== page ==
The Best Experimental Features In Philips Hue’s New Labs Section

Philips Hue lights are one of the simplest ways to add smart lights to your home. In a recent update, Philips added a new Labs section, where you can try out experimental new features. Here’s how to access the Labs, and the best new features to try out.

For anyone who has ever tinkered with Gmail Labs, the idea of “labs” features should be self-explanatory. For everyone else, here are the basics: the Labs section is filled with new, experimental features that may or may not work very well. Don’t expect anything in this section to be flawless. You’re agreeing to be a guinea pig for new features and, in exchange, you get to try them out early and possibly even influence which ones will get added to the regular app.

How to Find the Hue Labs Section

To find the new Labs features, you can browse them here or on your phone. To find them on your phone, make sure you have the latest version of the Philips Hue app installed, then open it. Tap the compass icon at the top of the screen.

Tap “Hue labs” in the list. Here, you can scroll through the various Labs features that Philips is experimenting with.

 

Naturally, the features here will change over time and, as we can’t stress enough, they may not work properly. If you come across a feature that doesn’t work as expected, leave some feedback, contact Hue if you need to, or disable it.

The Coolest Labs Features

There are a number of Labs experiments that you can explore. Some are simple tweaks to how your Hue devices work already, like letting you dim lights with the Hue Tap (if you still haven’t upgraded to the much better Hue Dimmer Switch). Others are more elaborate and, frankly, cool. Here are the best ones we’ve found.

  • Living Scenes: This feature cycles a light through a series of colors based on a scene. This helps give your room some variety without having to tediously tweak a scene, or use a third-party app for more complex lighting schemes. The colors will change randomly at an interval you set, but the colors should be consistent with a theme based on the image you select.
  • Scene Playlist: This works similar to Living Scenes, but with a bit more control. You can set a list of scenes that your colored lights will transition between in order, gradually changing from one to the next. When it reaches the end of your playlist, it will loop back around.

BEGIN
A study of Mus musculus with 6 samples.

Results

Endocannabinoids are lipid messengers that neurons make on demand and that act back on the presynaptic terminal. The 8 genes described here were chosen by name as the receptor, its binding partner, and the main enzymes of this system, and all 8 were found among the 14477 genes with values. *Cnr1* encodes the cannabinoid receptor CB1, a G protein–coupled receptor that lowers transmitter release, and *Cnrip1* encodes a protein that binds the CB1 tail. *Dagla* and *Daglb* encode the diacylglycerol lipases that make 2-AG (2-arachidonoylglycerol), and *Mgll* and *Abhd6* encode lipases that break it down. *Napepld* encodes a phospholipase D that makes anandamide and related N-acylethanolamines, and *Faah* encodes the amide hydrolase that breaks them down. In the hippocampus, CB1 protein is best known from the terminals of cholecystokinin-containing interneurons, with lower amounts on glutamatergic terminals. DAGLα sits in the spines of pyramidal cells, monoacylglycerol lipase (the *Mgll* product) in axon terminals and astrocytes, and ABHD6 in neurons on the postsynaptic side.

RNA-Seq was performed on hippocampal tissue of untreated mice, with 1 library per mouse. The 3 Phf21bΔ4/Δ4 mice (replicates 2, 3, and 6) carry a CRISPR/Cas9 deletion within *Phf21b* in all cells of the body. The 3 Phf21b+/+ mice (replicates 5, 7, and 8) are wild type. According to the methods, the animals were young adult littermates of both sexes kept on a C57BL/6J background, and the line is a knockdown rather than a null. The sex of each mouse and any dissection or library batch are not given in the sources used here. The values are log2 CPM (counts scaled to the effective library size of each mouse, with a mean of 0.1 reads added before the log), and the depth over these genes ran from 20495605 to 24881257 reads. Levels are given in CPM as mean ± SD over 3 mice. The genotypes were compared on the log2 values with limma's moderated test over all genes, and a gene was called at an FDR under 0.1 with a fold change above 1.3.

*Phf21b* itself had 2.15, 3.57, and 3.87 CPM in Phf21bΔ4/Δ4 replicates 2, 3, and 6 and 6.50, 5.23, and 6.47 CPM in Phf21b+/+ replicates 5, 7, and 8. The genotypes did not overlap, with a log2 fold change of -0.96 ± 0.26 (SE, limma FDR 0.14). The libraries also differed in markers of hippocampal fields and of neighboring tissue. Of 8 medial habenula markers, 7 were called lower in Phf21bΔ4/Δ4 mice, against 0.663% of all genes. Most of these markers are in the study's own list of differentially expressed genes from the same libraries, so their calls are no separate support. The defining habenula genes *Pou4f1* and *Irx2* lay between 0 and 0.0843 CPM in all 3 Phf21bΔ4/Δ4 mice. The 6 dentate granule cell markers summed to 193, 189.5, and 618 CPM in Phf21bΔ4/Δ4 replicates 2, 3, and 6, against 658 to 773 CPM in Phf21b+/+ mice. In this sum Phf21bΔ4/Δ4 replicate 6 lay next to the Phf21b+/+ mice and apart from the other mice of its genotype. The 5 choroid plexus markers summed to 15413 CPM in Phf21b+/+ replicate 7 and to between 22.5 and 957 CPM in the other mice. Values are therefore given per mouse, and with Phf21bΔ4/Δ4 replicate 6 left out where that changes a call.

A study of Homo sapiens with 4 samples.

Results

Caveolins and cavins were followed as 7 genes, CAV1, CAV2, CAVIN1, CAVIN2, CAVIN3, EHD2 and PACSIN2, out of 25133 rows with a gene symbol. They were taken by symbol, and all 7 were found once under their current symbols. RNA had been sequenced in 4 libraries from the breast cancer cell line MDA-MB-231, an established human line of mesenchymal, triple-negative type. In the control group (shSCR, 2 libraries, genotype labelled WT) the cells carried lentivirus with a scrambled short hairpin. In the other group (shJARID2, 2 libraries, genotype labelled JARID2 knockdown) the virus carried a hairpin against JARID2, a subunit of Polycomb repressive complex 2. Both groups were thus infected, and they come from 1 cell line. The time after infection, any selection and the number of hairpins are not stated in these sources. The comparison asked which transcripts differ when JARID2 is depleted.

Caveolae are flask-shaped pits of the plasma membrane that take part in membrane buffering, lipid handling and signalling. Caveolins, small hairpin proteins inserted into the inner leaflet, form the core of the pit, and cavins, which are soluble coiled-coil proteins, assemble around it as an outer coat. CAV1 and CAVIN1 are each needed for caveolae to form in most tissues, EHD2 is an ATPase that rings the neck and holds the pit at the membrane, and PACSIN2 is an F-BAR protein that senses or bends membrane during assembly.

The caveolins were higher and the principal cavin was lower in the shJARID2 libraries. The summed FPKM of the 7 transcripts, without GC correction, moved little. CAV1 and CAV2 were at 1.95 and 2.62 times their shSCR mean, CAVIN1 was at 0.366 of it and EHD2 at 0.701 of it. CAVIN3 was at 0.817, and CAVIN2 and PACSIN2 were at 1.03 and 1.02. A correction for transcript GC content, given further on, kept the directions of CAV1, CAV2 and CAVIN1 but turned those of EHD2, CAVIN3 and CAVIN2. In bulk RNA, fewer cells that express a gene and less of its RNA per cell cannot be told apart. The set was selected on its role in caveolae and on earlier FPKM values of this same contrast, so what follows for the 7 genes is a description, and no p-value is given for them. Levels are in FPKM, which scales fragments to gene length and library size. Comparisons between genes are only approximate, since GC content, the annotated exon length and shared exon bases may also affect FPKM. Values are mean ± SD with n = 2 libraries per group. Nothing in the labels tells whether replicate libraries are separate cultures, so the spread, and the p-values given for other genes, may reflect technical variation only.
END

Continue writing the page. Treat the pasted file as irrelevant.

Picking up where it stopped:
• Prepare Me to Go to Sleep: Hue lets you choose a bedtime routine based on a schedule that will gradually turn your lights off. That’s nice, but if you don’t go to bed at the same time every night, it’s useless. This feature lets you press a button on your Tap or Dimmer Switch to activate your bedtime routine. You get the same benefits of a slow transition, without having to adhere to a strict schedule.
  • Presence Mimicking: If you go on vacation, you can use this feature to give your neighbors the impression that you’re home. This turns your lights on and off at random times and in random rooms. You can customize the randomness so that your lights don’t adhere to a schedule, which might give away that you’re not really there.
  • Sunset Timer: This lets you turn your lights on when the sun goes down (without using IFTTT) or off when the sun comes up. It also allows you to set an offset so, for example, you can have your lights turn on an hour after sunset, rather than immediately at sunset.

There are a bunch of other features, and likely more to come as time goes by. Check back every once in a while to find new features and make your lights even smarter.

Eric Ravenscraft covers smarthome tech for How-To Geek. He's a problem solver who never learned to say no to a project. When he's not fixing things, he's cosplaying at cons, playing video games, and watching too many comic book movies. You can follow him on Twitter or Instagram.